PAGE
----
Percy Jackson and the Olympians: The Lightning Thief.

Hello everyone. I could say “Welcome back to Deeper Waters,” but in reality you’re the ones who are welcoming me back. I hope everyone had as good a weekend as I did. Now I know that we’ve been going through the Summa Theologica, but readers also know that whenever I see a movie, I always like to blog about it. Well this weekend I saw “Percy Jackson and the Olympians: The Lightning Thief.” Be prepared everyone. There are spoilers in this so if you want to see the movie, don’t go forward. Wait until you come back.

When I was younger, my sister gave me a book she had of Greek mythology. I loved that book. I wish I’d really had the mindset of examining ideas back then. I didn’t, but I was able to absorb many of the stories and learned them well. A personal favorite of mine was reading about the labors of Hercules. On the other light note, I did love Kid Icarus on the Nintendo. Is it any wonder I love Pit on Smash Brothers Brawl? Greek mythology has just been an interest of mine.

Naturally then, a film like this had my attention.

Apparently in 2,000 years, much hadn’t changed. The Greek gods were still going around cavorting with humans and having children. Now however, Poseidon and Zeus are getting into it. Zeus has had his lightning bolt stolen from him, the most powerful weapon ever, and he thinks one of Poseidon’s kids did it, particularly Percy Jackson, who has no idea he’s a demigod. Zeus gives Poseidon a two-week deadline to recover the bolt or there will be war. Sadly, the movie never addresses the philosophical problems with calling Zeus omnipotent and him needing at the same time something external to himself like a bolt and being unable to find the bolt on his own.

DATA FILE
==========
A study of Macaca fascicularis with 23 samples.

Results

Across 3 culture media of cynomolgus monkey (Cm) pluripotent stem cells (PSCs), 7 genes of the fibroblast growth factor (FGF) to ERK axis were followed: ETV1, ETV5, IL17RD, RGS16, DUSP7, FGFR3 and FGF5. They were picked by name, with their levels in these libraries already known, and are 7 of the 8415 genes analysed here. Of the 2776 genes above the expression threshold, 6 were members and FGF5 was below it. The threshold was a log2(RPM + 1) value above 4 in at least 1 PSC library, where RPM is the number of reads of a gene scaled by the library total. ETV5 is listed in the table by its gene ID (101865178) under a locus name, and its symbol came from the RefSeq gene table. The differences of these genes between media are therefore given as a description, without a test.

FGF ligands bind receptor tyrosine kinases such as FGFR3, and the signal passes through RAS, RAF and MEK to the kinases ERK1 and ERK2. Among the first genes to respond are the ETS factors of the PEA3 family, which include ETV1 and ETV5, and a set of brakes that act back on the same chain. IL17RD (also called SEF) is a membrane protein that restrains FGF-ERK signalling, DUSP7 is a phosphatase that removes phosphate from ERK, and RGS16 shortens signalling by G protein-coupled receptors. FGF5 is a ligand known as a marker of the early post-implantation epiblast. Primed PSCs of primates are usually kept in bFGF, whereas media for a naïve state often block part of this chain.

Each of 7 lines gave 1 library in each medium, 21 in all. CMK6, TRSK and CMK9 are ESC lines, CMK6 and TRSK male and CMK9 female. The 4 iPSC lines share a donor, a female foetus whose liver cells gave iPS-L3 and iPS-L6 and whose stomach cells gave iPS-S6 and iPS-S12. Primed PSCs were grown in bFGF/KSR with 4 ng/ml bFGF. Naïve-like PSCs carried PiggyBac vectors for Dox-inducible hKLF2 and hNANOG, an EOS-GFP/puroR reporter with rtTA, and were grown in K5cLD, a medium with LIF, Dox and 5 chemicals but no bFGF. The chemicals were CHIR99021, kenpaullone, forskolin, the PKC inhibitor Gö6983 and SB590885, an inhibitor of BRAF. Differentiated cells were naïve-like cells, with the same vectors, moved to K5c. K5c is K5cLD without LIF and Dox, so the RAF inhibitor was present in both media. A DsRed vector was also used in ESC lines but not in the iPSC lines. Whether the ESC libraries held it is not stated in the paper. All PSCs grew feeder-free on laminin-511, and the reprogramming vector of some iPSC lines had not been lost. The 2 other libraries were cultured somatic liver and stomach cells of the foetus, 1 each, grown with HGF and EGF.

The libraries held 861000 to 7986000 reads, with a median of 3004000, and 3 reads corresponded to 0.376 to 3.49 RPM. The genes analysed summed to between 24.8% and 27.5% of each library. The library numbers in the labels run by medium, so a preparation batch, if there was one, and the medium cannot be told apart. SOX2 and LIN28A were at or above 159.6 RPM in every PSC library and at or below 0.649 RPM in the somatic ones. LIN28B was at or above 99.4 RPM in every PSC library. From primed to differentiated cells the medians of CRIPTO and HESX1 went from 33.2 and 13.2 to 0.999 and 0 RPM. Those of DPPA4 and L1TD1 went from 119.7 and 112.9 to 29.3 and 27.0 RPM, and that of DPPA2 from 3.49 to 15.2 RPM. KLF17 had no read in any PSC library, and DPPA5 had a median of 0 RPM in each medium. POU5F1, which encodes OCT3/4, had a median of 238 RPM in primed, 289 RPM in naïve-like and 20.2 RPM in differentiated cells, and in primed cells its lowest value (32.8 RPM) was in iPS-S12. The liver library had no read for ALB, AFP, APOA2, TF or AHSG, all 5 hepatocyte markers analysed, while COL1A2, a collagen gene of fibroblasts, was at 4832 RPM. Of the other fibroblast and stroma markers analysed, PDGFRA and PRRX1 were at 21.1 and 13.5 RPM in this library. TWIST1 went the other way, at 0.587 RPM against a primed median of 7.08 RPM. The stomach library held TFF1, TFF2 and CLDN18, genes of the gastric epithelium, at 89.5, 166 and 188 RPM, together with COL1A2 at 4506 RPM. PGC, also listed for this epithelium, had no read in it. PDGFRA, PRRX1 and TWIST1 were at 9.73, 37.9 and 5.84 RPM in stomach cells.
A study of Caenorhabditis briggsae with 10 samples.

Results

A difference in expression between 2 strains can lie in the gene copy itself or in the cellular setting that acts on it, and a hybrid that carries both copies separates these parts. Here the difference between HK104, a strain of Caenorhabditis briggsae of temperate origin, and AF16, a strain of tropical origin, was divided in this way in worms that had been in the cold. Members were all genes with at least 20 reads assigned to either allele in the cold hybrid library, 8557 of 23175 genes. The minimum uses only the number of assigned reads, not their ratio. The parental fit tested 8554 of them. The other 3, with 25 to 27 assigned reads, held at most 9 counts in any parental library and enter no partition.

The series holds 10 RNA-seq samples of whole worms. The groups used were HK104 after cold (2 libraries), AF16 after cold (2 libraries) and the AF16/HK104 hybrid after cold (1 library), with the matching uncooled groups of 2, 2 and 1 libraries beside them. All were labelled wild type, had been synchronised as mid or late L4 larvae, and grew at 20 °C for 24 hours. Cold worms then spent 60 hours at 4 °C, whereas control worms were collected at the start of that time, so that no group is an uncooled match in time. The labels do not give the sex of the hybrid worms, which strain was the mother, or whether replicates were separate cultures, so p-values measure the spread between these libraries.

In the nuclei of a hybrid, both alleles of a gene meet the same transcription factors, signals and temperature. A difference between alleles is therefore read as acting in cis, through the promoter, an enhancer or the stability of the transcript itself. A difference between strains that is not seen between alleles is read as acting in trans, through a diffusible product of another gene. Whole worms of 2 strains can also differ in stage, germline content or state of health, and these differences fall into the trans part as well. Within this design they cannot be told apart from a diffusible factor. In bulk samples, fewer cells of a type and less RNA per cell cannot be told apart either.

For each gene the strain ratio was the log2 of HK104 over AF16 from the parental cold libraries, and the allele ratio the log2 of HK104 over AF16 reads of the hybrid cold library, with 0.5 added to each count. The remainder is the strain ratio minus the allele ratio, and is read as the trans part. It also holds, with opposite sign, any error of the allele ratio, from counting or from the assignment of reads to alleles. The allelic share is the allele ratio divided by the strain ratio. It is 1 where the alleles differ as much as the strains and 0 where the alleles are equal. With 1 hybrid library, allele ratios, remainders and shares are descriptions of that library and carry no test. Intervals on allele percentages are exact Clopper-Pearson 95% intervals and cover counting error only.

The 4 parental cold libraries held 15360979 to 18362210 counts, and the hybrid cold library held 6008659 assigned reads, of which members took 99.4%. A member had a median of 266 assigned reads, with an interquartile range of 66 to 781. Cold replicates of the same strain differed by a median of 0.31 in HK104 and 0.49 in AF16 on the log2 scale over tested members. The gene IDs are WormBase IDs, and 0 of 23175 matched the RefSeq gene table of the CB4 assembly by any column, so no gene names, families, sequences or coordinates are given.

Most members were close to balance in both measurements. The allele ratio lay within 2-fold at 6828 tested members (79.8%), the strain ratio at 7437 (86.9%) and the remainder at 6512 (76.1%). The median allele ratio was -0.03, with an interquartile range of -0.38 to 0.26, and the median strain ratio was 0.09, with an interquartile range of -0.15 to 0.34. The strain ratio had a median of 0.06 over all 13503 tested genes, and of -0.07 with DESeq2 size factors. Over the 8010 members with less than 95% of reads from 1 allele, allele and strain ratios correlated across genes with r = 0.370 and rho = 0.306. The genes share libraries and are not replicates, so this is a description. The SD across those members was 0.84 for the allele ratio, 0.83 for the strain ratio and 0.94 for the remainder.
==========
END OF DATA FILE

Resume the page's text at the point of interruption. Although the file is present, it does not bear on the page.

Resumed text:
Which was the problem in many ways with the Greek gods. They couldn’t really be seen as gods unless by god you meant a superhuman. In the biblical worldview, man is created in the image of God, but in the Greek system, it seems the gods are created in the image of men. Ravi Zacharias has said it wasn’t that the Greek gods abandoned the Greeks because the Greeks were depraved. Quite the reverse. They abandoned the gods because the gods were depraved. The tales of the gods of Olympus could make a modern day soap opera pale in comparison.

Percy Jackson lives with his Mom and a step-father figure who he can’t stand. He also has his best friend Grover. One day however, he is at a Greek museum and has a teacher take him to a room alone only to have her ask “Where’s the bolt?” and she turns into a fury and attacks him. In comes another teacher in a wheelchair, Mr. Brunner, who tells the fury to let him go or he’ll tear her to shreds, along with Grover, who happens to be on crutches.

Mr. Brunner tells Grover to get Percy’s mother and get them on the run. When they’re all together and on the run, they get attacked by a minotaur. Percy’s Mom is in the minotaur’s hand and vanishes. Percy manages to defeat the minotaur however before entering camp half blood where children of demigods go. He learns that Grover, is actually a satyr who has been assigned to be his protector, and that Mr. Brunner is actually the centaur Chiron. While there, he also forms a relationship with the daughter of Athena named Annabeth and a son of Hermes named Luke.

The camp gets visited by Hades demanding to see Percy Jackson. Hades says he has Percy’s mother and wants the lightning bolt. Percy decides then he’s going to go to the underworld, find his mother and explain the situation to Hades, and then take his mother back. Annabeth and Grover join him and Luke gives them some equipment to help.

Before doing that, they have to get three pearls so each of them can escape the underworld. The journey involves them encountering figures from Greek mythology to fight like the medusa and the hydra. Very interesting is how the entrance to the underworld is located in Hollywood, which I found quite appropriate. When we finally see Olympus, the gods squabble just like everyone else. Hardly the idea of deity.

However, for action and adventure, this is a great film and if you’re  a fan of Greek mythology, you’ll love it. Christians can use this to see how different theistic concepts work and explain the problems of a polytheistic concept. For instance, how could Zeus be omnipotent if he does not have all power over what goes on in the world? Can you have all power and at the same time not be sovereign? (For Calvinists and Arminians, again, work out the details of what that means on your own.) Also, what does it mean for creatures to shift forms. Can a man really be part horse? What does that say about the nature of both?

My final conclusion is I don’t agree with the worldview, but this movie did have action and adventure that kept me hooked the whole time. It is one I definitely plan to get when it comes out on DVD.